Amy Miller

Interview Highlights

Q: What have you learned from being a director / being in a leadership position? What have been some pivotal moments for you?

For a long time I didn't want to be a leader because I thought leaders had to know everything in order to be effective, and I knew that I didn't know everything! . And it wasn't until really hanging around with Gina Gibney and seeing how she used her sense of leadership, not to act like she knew everything, but to ask a lot of really great questions, and to be the person who acknowledged that she needed support, and asked for other people's points of view. I saw she didn't know everything, and that she didn't act like she knew everything. The definition of leadership for me became this entity, this energy that realizes that galvanizing a lot of different perspectives together could be leadership. It’s the hard work of sifting through all that complexity, choreographing it together, and then offering something to the world that hopefully is of service and hopefully reflects as many different points of view as possible, because no one person can possibly see everything. We all have perspectives we are unaware of , and we need to acknowledge that and realize that perhaps our areas of unawareness  are different, based on our experience and the wealth of knowledge that we each have. A friend of mine, Thomas Moore, just used the term “wealth of knowledge” today and it just blew me away, in terms of a definition of equity, realizing that we all have different needs and different wealths of knowledge...

Q: What were your initial reactions and emotions to the shutdown?

We were in rehearsal with commissioned artists to get ready for our spring shows. And so it was a pivot from those performances to, of course, thinking about our personal safety right away. And huge respect to Gina for sensing right when that happened. We had an all staff meeting, and we decided we were going to start working remotely tomorrow. She galvanized the whole team, really emphasizing that we need to be clear about this and stay calm. So the staff moved online. Several days later, the classes were shuttered. We've been mindful of not saying canceled or shut and instead framing it in the mindset of suspending these moments while we continue to find other ways to work. I'm resonating very much with this idea of not just translating the work we're doing, but taking a moment to pause, taking a moment to soften the dizziness and the constant drive of expectation, and the assumptions about what the dance field looks like or what it should look like. At Gibney, we say “making space for dance.” We've now changed the end of that tagline so it can be literally anything like “making space for dialogue”, “making space for rest”, “making space for interaction”, "making space for complexity.” And that can all be housed. But I feel like we also need to realize that forward motion isn't always what's needed, or constant growth maybe isn't sustainable, and that we need these moments of breath. I think this is our pause moment. This is a chance to decide what we don't want to do anymore. This is a chance to acknowledge what hasn't been working, and to be transparent about challenges, to be realistic about what we feel is necessary and then talk to as many other people. That's why I love this platform and the work that you're doing, to talk to as many other people see where the patterns are that maybe we never saw before...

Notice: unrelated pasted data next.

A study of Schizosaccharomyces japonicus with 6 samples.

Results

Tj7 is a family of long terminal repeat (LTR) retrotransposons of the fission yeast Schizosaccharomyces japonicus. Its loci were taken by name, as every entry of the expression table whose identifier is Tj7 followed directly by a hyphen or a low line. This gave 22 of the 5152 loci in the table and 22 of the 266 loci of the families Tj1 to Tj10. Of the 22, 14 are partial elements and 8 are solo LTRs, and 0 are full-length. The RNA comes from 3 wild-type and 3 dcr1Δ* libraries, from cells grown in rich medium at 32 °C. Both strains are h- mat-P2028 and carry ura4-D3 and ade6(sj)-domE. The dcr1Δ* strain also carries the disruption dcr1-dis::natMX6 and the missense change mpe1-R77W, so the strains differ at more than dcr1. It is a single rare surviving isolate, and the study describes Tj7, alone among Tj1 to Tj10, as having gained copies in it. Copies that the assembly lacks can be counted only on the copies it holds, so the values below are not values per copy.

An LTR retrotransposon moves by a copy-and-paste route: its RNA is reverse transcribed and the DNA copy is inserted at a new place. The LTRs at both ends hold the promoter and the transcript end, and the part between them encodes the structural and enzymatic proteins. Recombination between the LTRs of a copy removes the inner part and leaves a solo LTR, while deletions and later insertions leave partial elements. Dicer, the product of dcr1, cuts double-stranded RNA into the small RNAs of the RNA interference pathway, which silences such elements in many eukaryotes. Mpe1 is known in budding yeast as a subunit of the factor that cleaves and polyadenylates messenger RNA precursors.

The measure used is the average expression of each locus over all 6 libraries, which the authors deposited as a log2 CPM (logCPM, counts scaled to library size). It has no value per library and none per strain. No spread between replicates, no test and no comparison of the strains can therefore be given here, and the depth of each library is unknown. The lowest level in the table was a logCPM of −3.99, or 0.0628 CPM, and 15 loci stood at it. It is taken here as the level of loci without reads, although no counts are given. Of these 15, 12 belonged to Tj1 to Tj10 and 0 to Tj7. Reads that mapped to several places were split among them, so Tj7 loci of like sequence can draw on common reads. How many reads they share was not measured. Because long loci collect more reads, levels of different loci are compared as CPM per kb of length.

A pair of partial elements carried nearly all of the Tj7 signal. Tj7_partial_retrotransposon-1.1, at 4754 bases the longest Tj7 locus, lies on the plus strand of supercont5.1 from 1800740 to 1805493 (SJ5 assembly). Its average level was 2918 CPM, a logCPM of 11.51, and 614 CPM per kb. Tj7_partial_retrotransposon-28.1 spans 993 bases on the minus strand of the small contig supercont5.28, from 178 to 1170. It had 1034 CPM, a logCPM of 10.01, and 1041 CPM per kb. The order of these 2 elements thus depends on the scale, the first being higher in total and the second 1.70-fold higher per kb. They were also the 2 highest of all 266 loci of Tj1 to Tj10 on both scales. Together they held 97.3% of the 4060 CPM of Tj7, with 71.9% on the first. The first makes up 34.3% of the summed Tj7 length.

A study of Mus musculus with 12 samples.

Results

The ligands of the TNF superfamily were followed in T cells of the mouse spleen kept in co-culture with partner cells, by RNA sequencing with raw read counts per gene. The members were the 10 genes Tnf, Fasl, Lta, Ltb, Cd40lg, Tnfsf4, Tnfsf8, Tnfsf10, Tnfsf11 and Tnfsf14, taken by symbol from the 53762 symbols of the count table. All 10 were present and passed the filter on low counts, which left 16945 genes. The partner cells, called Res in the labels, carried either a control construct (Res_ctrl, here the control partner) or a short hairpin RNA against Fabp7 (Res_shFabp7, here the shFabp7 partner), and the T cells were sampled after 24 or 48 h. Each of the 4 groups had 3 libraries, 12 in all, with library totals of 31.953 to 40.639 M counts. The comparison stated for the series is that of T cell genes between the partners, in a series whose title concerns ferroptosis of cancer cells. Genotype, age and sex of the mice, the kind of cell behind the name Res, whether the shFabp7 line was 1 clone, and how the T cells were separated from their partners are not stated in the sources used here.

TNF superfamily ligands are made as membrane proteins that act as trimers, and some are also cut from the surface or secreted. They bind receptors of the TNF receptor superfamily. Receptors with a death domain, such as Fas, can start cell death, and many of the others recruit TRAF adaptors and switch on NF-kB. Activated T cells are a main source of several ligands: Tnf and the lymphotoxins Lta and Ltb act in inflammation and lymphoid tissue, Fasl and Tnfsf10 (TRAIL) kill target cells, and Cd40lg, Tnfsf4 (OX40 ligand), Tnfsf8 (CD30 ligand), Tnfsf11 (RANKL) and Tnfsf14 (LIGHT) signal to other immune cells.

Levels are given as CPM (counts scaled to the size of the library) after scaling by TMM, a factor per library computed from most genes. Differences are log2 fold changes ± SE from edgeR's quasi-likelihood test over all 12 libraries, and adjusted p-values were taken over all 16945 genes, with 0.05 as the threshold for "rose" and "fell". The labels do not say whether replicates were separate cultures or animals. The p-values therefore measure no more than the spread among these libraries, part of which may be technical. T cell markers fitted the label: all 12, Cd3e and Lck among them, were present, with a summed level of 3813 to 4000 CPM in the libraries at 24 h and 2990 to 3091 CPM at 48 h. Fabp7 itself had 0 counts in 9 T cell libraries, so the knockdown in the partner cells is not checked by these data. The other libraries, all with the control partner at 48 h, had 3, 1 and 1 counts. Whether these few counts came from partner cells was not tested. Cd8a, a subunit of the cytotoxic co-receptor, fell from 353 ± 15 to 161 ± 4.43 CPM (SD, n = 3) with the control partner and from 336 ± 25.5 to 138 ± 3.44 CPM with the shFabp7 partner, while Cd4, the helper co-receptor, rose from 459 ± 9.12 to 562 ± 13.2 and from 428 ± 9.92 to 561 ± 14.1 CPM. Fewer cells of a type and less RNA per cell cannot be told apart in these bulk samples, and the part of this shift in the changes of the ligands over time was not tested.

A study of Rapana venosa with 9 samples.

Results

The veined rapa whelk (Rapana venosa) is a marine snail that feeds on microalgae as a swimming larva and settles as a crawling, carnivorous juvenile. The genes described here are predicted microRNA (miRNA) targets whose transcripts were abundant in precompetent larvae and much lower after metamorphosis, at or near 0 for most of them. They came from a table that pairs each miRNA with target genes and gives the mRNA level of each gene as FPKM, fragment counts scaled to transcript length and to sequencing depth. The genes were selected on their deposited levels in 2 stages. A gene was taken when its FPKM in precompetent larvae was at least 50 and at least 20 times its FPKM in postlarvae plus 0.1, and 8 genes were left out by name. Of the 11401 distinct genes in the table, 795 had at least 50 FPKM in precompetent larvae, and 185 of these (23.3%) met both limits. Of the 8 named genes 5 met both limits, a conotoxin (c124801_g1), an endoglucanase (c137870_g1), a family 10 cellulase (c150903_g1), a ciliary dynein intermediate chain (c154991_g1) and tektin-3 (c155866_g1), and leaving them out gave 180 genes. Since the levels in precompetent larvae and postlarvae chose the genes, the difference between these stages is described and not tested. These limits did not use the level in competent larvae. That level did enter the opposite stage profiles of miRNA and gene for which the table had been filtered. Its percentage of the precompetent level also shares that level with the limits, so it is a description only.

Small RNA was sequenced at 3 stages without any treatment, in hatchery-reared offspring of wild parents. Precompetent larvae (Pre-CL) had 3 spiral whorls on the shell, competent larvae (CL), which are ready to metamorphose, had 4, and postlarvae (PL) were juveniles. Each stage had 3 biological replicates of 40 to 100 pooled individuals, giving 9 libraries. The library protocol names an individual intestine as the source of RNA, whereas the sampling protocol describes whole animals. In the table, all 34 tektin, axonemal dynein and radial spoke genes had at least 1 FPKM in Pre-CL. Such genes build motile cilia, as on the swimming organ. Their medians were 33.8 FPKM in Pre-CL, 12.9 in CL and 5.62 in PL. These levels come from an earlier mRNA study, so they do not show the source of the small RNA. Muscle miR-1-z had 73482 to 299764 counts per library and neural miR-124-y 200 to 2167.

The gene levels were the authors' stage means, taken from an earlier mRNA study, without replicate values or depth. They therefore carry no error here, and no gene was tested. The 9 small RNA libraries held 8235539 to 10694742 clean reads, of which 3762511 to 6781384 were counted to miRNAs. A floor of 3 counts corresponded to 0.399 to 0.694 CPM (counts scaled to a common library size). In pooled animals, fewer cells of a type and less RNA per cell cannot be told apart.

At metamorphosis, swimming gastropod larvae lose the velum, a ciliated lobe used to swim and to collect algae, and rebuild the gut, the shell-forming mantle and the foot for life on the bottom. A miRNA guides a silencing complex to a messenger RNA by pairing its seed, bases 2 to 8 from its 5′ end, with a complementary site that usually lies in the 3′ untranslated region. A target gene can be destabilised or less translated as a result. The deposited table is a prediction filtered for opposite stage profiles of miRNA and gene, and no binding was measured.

Read full interview here

Amy Miller is a NYC-based dancer, choreographer, educator and advocate. Formerly with the Ohio Ballet, she was also a founding member and artistic associate of Cleveland-based GroundWorks DanceTheater. Now a Gibney Company Director alongside Nigel Campbell, and a performing member of Gibney Company, Miller has facilitated numerous teaching residencies at Oberlin College, Brown University, NYU’s Tisch School of the Arts, and Bates Dance Festival among many others. Miller also focuses on Gibney’s Community Action initiatives through facilitating movement workshops with survivors of trauma, conducting both local and international trainings for artists interested in engaging in social action, developing healthy relationship workshops for young people and raising awareness about the role of the arts in violence prevention. She has conducted Gibney’s Global Community Action Residencies at Mimar Sinan University and Koc University (Istanbul), University of Cape Town (South Africa), DOCH: School of Dance and Circus (Stockholm), MUDA Africa (Tanzania) and most recently in Gisenyi, Rwanda. She is an active member of the National Dance Education Organization’s Access, Diversity and Equity Committee, as well as Dance/USA’s Dance & Disability Affinity Group working toward National Initiatives. Miller has twice been a Dance/USA Mentor through their Institute for Leadership Training. Miller was honored to receive an Arts & Artists in Progress “Pay it Forward” Award from Brooklyn Arts Exchange. Miller holds a BFA in Dance and is a recipient of an Ohio Arts Council Individual Excellence Award for her choreography.